Tracing Stripped Copper: A Solution for the Wire Theft Epidemic


Although metal thieves targeted foreclosed and abandoned houses during the height of the recession, thieves are now setting their sights on bigger targets. In Wichita, KS, for example, power company officials reported four copper thefts from substations in all of 2012. By April 2013, they had already reported 50.

In March 2014, three signal workers on the Long Island Rail Road—America’s largest commuter railroad—were accused of stealing thousands of pounds of copper and selling it for scrap metal. Authorities say the workers removed new and old wire cables from job sites, loaded them onto LIRR trucks and then transferred them onto their private vehicles. The wire was later sold to local recyclers for cash. These arrests came a year after 15 other LIRR employees were arrested and later convicted of similar crimes.

Thieves were even caught in a New York subway tunnel walking off with strands of copper cable. A crime that once was common, is now making a major comeback.

Although such thefts might never be entirely preventable, they might now occur much less frequently thanks to a potential solution conceived in the LIRR’s own backyard. Stony Brook, NY’s Applied DNA Sciences provides original, innovative and highly effective DNA-based anti-counterfeiting technology and product authentication solutions and services.

Applied DNA’s DNAnet® is a plant DNA-based marker that can link copper thieves to the scene of their crimes. The company’s technology has been instrumental at slashing copper theft by 85 percent in a single company’s power stations in the European Union, according to announcements. As a result, 60 European power stations, two national railroads and commercial installations have now been protected by the company’s technology. In some cases, the anti-theft program also complemented other new anti-theft measures such as video surveillance.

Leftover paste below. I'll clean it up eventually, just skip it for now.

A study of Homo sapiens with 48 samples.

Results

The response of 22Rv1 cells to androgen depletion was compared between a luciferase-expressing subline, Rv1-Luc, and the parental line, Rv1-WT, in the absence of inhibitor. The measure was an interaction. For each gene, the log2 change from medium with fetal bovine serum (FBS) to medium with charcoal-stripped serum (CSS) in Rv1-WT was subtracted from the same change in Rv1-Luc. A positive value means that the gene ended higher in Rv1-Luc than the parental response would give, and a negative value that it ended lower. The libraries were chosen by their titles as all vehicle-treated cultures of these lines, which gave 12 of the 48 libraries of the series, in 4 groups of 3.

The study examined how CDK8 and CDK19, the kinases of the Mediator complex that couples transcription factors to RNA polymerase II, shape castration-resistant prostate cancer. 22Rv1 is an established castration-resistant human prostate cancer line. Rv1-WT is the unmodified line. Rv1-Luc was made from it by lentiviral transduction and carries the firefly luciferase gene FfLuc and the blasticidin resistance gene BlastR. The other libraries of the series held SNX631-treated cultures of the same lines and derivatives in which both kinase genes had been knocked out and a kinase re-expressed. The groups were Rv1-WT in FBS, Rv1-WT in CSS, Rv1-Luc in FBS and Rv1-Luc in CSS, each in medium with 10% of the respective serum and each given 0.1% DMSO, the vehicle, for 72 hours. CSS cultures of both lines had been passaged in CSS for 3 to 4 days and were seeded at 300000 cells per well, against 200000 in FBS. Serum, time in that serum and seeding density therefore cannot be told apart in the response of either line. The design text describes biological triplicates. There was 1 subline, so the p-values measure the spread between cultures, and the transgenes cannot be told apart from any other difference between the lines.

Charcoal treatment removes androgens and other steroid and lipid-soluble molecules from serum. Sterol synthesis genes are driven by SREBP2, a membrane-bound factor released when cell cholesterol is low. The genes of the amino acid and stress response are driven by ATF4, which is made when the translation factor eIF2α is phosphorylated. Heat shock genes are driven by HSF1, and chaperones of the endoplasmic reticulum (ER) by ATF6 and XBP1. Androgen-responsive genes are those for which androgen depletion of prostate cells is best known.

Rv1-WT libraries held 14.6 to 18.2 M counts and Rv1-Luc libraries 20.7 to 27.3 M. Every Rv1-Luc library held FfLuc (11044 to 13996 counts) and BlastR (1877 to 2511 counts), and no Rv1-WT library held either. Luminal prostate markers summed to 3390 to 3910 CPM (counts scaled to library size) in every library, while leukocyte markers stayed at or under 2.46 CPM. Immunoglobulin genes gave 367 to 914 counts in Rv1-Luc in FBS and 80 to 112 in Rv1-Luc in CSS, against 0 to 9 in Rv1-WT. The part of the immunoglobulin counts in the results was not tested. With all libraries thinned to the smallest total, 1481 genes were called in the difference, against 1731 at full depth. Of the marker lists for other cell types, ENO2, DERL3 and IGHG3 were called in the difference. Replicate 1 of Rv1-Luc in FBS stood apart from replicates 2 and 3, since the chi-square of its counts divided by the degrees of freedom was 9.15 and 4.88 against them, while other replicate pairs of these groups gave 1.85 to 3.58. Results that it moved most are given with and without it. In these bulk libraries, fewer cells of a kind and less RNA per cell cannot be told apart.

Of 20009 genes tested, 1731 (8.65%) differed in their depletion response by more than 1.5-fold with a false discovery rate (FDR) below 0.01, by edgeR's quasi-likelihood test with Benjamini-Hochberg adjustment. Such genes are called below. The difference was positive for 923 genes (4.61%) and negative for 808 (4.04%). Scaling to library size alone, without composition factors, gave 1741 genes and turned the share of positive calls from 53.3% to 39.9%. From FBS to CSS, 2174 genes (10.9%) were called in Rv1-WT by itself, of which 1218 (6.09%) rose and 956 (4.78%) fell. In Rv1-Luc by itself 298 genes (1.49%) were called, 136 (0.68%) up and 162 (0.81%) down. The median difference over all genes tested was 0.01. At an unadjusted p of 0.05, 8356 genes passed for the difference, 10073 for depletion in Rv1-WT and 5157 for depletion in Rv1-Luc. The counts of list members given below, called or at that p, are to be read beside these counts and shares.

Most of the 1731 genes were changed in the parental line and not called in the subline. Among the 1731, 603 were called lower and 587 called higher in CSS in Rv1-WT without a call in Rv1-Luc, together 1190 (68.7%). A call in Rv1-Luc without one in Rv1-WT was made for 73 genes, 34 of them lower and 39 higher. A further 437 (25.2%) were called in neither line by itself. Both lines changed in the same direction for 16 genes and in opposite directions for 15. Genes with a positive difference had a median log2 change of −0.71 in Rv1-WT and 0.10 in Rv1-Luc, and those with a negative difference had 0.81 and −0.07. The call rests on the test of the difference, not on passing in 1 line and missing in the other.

Dr. James A. Hayward, President and Chief Executive Officer of Applied DNA Sciences, says, “In the U.S., more than 95 percent of energy utilities have experienced copper theft in the past 12 months, with more than 50,000 incidences nationwide. This problem is infiltrating our railroads—as exemplified by the LIRR theft—and putting the public’s safety at risk. Copper asset protection, and protection against other kinds of metal theft, is an area that is ripe for growth. We are receiving inquiries from customers who recognize the importance of protecting their assets, minimizing their losses, and ensuring that original products and brands can be traced to their source.”